Obituaries of J.G. Ballard published in the last week have all mentioned the writer’s two years studying medicine at Cambridge, a period in which he dissected the physical body as prelude, he hoped, for a career in psychiatry. As it turned out his explorations of inner space took place in a different arena: his studies, however, were not lost and medical detail saturates his work. With this in mind it is perhaps no surprise that the Wellcome Library – or rather its predecessor, the Wellcome Museum – has a tiny part in one of his most notorious fictions.
The Atrocity Exhibition, published in 1970, can be seen either as a non-linear novel or as a collection of linked short stories (the bulk of it comprises changing versions of the same chapter). In it, a variously-named central character – Travis, Travers, Talbert: the name is different in each chapter – attempts to deal with a world that has ceased to cohere and make sense to him, assembling groups of objects in the hope of creating significance – elevations of a multi-storey car park, chemical analyses of human secretions, diagrams of wounds and so forth. In turn he is observed by other characters, some medical professionals, who try to make sense of his actions and of the objects he brings together. In chapter 8, “Tolerances of the Human Face”, we read:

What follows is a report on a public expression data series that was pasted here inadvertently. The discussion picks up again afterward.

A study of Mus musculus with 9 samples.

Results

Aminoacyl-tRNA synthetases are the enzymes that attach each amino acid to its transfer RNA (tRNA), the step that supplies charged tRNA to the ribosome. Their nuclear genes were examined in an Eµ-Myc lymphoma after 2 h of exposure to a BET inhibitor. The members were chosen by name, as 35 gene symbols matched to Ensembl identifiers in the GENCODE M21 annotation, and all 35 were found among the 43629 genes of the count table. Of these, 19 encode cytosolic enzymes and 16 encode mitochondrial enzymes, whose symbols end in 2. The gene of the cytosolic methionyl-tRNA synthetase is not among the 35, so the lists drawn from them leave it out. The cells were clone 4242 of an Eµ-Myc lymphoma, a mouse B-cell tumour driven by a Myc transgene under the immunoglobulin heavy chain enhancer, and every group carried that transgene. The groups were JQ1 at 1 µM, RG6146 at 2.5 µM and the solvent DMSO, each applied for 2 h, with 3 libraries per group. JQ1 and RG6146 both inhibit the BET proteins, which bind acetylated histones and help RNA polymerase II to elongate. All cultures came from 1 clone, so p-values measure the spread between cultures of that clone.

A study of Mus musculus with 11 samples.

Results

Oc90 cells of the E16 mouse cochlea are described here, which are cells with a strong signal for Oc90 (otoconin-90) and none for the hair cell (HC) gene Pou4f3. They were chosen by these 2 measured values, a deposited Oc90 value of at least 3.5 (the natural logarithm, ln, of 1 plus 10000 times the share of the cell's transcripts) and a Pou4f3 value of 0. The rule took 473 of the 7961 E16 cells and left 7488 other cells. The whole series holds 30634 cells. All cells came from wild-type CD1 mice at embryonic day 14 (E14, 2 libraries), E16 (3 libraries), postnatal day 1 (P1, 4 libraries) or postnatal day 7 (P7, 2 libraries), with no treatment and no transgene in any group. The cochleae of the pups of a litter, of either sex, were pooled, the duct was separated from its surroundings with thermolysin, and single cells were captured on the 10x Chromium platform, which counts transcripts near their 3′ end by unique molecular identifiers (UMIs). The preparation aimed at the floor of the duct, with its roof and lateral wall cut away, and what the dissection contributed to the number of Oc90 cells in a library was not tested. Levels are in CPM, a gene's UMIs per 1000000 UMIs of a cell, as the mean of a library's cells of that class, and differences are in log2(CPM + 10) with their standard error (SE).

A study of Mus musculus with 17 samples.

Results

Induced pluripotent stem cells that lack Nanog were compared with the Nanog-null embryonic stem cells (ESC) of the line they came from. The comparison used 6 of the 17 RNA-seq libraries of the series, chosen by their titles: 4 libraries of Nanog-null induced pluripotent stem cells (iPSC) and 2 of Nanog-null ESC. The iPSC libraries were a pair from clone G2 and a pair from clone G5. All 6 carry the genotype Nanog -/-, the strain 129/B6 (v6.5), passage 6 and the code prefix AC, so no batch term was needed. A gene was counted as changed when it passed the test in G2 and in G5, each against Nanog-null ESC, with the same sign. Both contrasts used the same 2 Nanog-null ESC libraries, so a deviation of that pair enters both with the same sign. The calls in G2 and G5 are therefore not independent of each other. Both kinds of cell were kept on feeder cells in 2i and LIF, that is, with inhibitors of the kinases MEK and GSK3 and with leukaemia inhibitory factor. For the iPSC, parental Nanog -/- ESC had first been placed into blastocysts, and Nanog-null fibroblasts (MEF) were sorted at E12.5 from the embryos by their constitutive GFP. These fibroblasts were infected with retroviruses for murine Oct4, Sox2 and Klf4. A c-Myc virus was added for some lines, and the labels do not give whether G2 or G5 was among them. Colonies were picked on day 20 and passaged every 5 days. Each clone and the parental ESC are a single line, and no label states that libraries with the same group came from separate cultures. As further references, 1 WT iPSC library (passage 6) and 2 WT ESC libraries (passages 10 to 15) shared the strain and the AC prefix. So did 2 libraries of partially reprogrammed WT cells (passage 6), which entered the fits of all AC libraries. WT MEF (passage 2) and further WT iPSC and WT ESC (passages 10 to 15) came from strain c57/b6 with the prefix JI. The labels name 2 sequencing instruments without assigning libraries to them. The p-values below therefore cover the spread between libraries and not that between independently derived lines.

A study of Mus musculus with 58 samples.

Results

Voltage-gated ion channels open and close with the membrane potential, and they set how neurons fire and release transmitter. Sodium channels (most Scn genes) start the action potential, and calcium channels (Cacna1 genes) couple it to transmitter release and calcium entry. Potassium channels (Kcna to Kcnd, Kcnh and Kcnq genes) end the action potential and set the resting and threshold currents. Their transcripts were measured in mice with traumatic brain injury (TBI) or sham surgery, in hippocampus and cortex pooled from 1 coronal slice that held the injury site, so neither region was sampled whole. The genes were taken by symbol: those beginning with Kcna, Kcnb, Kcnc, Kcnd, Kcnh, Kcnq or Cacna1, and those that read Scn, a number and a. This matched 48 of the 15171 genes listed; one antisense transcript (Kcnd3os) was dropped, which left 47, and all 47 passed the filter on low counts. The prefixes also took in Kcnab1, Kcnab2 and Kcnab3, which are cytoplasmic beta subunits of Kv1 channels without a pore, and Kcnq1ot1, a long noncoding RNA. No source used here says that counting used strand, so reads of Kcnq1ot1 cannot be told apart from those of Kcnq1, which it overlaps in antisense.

“…Dr. Nathan pondered the list on his deskpad. (1) The catalogue of an exhibition of tropical diseases at the Wellcome museum; (2)…”
Although the Library’s new ‘Medicine and Literature’ events aim to explore the relationship between these two themes, the example of The Atrocity Exhibition shows that Ballard was already linking the two – and in the context of the Wellcome – more than three decades ago.
Photograph: the tropical medicine section of the Wellcome Museum of Medical Science in the mid-20th century, as it was when The Atrocity Exhibition was written.